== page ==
At least 250,000 vehicles will drive close to the preserved site of Sydney’s second jet airport at Badgery’s Creek today along the M4 and M7 motorways. They will do so with less inconvenience than anyone driving within 20 kilometres of Sydney’s existing airport. And they will have done something the Sydney media, and most politicians, twist and turn to avoid mentioning in any comments about the impending implosion of infrastructure at the main airport, because the obvious Badgery’s Creek solution equals political suicide.
But then again, so do all of the options, from doing bugger all, to throwing open Richmond and Bankstown to jet flights as Infrastructure Minister Anthony Albanese has signalled as possible answers in his courageous plan to formulate a comprehensive aviation policy for Australia by March next year.
Several important signs of change have occurred. In the space of a few months Albanese has ruled out but then ruled in possible flights to the two suburban airfields. In that same interval Tiger has ordered a lightweight version of the Airbus A319, in a roomy 144 seat version that could actually fly useful distances from either Bankstown or Richmond, which suffer from short runways. And for the first time Qantas, through its executive general manager John Borghetti, referred to an urgent need for a second airport in the Sydney basin.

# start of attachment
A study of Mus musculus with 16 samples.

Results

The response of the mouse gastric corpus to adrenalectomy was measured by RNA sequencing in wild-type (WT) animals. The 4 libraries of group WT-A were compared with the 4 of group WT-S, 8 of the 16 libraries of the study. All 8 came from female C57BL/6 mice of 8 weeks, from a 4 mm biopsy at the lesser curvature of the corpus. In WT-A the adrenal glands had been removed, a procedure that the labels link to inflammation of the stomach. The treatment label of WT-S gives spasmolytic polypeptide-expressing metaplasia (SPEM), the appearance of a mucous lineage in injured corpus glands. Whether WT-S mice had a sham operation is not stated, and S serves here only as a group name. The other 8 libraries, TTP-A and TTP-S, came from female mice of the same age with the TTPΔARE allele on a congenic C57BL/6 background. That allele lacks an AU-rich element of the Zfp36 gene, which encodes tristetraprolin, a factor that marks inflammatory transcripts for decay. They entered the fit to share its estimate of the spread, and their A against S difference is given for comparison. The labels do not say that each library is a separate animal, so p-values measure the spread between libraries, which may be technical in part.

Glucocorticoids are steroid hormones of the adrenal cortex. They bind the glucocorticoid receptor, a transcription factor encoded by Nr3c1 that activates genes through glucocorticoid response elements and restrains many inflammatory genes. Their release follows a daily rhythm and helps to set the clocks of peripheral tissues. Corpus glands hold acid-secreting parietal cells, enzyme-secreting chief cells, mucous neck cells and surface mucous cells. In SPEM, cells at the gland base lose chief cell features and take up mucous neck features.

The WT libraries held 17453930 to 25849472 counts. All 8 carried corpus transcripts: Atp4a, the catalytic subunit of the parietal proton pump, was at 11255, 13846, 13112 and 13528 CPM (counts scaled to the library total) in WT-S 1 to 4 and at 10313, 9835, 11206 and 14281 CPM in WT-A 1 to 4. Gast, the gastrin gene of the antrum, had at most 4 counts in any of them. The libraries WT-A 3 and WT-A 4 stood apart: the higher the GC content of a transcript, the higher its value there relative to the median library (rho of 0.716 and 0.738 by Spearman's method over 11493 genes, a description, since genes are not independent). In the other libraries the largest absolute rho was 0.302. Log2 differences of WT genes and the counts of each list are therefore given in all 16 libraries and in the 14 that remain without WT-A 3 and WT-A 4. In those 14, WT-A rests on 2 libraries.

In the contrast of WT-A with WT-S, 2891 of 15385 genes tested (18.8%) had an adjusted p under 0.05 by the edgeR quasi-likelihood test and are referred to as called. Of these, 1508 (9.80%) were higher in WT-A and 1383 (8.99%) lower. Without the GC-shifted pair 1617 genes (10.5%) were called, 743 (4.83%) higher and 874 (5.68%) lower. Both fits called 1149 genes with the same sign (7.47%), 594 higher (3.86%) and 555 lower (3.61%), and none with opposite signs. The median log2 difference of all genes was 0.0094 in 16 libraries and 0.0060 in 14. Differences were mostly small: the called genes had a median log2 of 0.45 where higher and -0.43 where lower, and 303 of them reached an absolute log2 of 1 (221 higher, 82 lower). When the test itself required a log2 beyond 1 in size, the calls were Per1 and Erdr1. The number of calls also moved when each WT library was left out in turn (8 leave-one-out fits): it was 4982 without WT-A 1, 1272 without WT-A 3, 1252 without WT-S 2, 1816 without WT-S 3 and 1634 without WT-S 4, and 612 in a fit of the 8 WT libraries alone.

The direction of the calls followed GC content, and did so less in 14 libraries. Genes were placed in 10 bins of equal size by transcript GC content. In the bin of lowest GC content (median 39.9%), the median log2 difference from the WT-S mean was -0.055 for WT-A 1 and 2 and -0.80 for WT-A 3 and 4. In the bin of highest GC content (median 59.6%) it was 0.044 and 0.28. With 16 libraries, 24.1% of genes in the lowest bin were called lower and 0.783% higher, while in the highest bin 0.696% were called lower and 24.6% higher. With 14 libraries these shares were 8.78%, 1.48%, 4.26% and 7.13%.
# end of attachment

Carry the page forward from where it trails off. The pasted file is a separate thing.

This is a sharp U-turn by Qantas. It has always held to the line that another Sydney Airport is unnecessary. Now it is sending a signal that the existing airport is “stuffed”. Borghetti’s other signal is the phrase “in the Sydney basin” used in his call for action at this week’s aviation infrastructure summit.
Ask any international or domestic airline manager what they think about a second Sydney Airport at Goulburn, or Newcastle, or Alice Springs, and they will point out that even if they were miraculously connected for free with space age maglev railways costing a trillion dollars, no-one flying to Sydney would use them. Air travel is about trip times more than anything else. It isn’t about fighting one’s way to a central rail terminal to then spend a few hours, or half a day in total, getting to an airport in Whoop-whoop.
Without adequate air links Sydney will bleed economic activity to Brisbane and Melbourne, which it is already.
A top level Qantas manager last week told the chief executive of Airbus, Tom Enders, that Sydney Airport is half the land area of any other airport taking a current 30 million passengers a year, and when that reaches a forecast 70 million in less than 20 years it won’t even have room to short term park the dozens of 500 passenger A380s that will be trying to use it each day.
Of course that raises the other political unmentionable in the Sydney Airport saga. All of the space it needs can be found on the southern shore of Botany Bay.
Between now and next March another notion might take root in the rest of Australia; that the solution to all of Sydney’s woeful transport problems is to let it choke on the consequences of 100 years of wilful neglect, rather than bankrupt the country subsidising the solutions.